It is evident that the Red Head Beach Cliffs have been experiencing erosion for decades, which has resulted in homes being moved further away from the water to prevent them from falling directly into the Bay of Fundy. In 1998, in the efforts to mitigate any further erosion, 4,000 tires were placed along the banks of the beach and were anchored into the sand using multiple pieces of rebar. This structure was designed to act as a breakwater to protect the clay slope from further erosion.

By 1999, various winter storms had weakened the structure considerable, rebar had loosened, and some tires had floated free from their anchors, resulting to the structure failing. Not only did this end in scattered tires over a large portion of the beach, but it also created a human health and safety risks associated with hundreds of pieces of rebar and steel-reinforced tire remnants jutting from the sand and water.

Subsequent cleanup efforts by ACAP Saint John and various partners removed over half the tires and over ten tonnes of steel (tire rims and rebar) between July and December of 2000, and again in August of 2001. The project not only resulted in an improvement in the environmental conditions on the beach, but also provided valuable information about future cleanup initiatives. While the existing tires do not pose any chemical threat, they do contribute to habitat loss, and their status as an eye-sore is an issue amongst residents.

Almost 18 years later, during the 2017-2018 field season, ACAP Saint John set out to remove and recycle the accessible remaining tires and rebar, as well as any other marine debris. Tires were mapped and tracked for any movement that they may encounter over time due to coastal erosion.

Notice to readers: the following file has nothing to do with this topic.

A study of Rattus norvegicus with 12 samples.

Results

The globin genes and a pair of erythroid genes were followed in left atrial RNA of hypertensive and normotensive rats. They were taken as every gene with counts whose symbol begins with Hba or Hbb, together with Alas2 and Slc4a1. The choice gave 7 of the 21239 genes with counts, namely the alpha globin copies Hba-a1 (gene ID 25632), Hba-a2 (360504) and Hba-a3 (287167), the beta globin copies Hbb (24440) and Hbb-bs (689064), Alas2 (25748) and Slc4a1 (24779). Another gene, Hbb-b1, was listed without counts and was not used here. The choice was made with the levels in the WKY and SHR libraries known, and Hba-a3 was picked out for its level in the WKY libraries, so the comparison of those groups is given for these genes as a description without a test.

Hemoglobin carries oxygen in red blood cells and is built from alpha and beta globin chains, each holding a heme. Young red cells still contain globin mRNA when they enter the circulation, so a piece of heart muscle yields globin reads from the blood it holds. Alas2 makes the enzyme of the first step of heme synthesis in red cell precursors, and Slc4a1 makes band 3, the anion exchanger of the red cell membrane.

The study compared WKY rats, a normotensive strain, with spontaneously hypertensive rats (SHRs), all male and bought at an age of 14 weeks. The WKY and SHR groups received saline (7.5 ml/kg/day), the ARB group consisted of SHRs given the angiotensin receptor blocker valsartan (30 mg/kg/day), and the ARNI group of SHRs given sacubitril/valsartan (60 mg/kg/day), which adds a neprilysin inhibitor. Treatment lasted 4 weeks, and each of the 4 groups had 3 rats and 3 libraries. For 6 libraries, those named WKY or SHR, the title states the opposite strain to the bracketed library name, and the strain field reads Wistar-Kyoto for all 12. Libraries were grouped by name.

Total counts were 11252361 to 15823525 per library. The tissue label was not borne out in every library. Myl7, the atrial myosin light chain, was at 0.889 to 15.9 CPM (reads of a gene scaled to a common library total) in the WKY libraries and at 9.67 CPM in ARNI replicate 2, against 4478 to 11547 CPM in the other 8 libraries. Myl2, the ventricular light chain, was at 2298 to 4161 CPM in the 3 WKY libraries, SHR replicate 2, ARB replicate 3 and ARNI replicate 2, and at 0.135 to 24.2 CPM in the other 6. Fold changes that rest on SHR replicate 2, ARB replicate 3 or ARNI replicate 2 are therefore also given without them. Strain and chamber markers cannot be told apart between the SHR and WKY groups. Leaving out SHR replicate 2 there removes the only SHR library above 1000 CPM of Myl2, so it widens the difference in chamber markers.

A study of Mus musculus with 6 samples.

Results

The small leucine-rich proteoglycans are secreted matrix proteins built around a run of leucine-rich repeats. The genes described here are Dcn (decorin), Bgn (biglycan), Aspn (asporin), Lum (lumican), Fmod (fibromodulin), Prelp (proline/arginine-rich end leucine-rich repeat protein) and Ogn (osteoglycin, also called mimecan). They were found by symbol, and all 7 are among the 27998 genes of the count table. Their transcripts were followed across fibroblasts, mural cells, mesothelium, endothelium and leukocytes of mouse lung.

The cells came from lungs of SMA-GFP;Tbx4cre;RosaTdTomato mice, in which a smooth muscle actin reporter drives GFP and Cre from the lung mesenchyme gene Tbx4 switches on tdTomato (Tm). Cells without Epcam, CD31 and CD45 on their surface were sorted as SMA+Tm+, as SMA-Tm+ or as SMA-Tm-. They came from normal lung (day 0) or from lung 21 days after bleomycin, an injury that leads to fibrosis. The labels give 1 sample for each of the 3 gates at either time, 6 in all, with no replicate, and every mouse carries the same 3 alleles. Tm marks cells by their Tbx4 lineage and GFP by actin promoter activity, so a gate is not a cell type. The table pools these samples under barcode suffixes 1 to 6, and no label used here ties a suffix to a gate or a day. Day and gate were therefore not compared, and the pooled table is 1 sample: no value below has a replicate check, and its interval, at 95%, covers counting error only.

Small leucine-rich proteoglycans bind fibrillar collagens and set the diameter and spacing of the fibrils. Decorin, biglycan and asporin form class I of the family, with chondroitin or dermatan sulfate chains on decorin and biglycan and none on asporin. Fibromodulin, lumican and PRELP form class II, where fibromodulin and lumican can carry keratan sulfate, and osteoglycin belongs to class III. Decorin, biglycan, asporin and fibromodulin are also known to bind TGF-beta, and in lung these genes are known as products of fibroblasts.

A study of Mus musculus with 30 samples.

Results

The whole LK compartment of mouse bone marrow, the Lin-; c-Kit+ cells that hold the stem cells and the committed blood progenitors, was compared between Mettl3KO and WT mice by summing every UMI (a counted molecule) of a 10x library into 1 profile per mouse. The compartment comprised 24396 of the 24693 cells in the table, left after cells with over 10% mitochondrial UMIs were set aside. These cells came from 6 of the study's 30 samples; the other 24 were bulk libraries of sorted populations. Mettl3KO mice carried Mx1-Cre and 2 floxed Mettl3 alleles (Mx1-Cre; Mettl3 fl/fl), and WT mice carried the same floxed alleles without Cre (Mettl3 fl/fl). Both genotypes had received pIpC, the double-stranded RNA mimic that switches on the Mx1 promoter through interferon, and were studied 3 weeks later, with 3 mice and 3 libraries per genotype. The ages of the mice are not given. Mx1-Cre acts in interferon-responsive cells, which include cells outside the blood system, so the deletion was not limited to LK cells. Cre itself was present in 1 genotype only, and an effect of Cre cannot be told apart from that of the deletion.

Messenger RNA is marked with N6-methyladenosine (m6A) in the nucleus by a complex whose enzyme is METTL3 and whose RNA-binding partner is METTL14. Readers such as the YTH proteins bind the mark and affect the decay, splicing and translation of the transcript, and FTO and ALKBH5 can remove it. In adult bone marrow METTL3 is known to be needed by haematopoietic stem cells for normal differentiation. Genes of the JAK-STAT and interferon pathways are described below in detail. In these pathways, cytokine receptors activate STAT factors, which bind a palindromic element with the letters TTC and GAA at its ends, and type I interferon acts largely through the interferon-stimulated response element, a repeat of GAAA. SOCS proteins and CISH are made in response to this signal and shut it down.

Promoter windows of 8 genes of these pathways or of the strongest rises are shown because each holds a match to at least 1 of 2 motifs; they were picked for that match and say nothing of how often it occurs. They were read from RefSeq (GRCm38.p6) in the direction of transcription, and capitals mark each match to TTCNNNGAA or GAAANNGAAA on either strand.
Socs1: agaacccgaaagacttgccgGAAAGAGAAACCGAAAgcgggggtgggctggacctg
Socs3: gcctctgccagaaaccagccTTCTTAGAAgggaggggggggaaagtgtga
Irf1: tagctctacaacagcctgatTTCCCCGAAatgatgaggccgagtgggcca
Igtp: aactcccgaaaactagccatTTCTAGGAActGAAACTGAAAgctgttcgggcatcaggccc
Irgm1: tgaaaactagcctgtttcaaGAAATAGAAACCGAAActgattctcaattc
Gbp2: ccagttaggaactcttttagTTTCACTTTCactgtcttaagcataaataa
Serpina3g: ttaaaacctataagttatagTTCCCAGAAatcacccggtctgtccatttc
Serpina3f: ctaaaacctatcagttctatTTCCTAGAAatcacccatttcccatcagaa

When preparing for this project, it was made clear that we would encounter an issue with recycling the larger tires, often referred to as off-the-road (OTR) tires, that remained on the beach, as this was also seen as an issue during prior cleanups. OTR tires include heavy mining tires, as well as agriculture and industrial tires. These large tires are deemed too large for the recycling processing plant in New Brunswick (Tire Recycling Atlantic Canada Corporation [TRACC]) that diverts millions of end-of-life and old scrap tires from landfills and recycles 98% of them into new rubber products. Although the province of New Brunswick has an excellent Tire Stewardship Program (Recycle NB) that allows citizens to bring their old, unwanted tires to any garage or store that sells tires, only tires 24.5” or less in diameter size are accepted into this program. Unfortunately in this case, most of the tires remaining on the beach would exceed the size for recycling.

The location and the movement of the tires were monitored using aerial photography that was taken monthly throughout the season and it was deemed that roughly 175 tires were counted along the beach. We were able to remove approximately 30 tires from the beach, along with 125kg of garbage and marine debris. The tires that were too large (over 24.5” in diameter) to be recycled were left on the beach as removing them with no place to go would be counterproductive.

OTR Tire Recycling

The recycling of OTR tires can be seen as an issue in many Canadian provinces. Due to their composition and size, many tire recycling facilities do not have the machinery to shed these large tires, leaving organizations to deny OTR tires in their recycling programs. If OTR tires cannot be recycled, it leaves no choice but to either stockpile them or send them to landfills. It is suggested that the TRACC would be the ideal candidate to accept OTR tires due to its central location and should consider investing in the special equipment that is required to shred these large tires. With the collaboration between TRACC and Recycle NB, a levy could be placed on the purchase of new OTR tires. This would ease the cost on the equipment used to recycle the OTR tires. If TRACC could invest in the necessary equipment needed to shed large OTR tires, tires from across the Maritime provinces could be sent to the facility to be turned into new rubber products and kept out of landfills.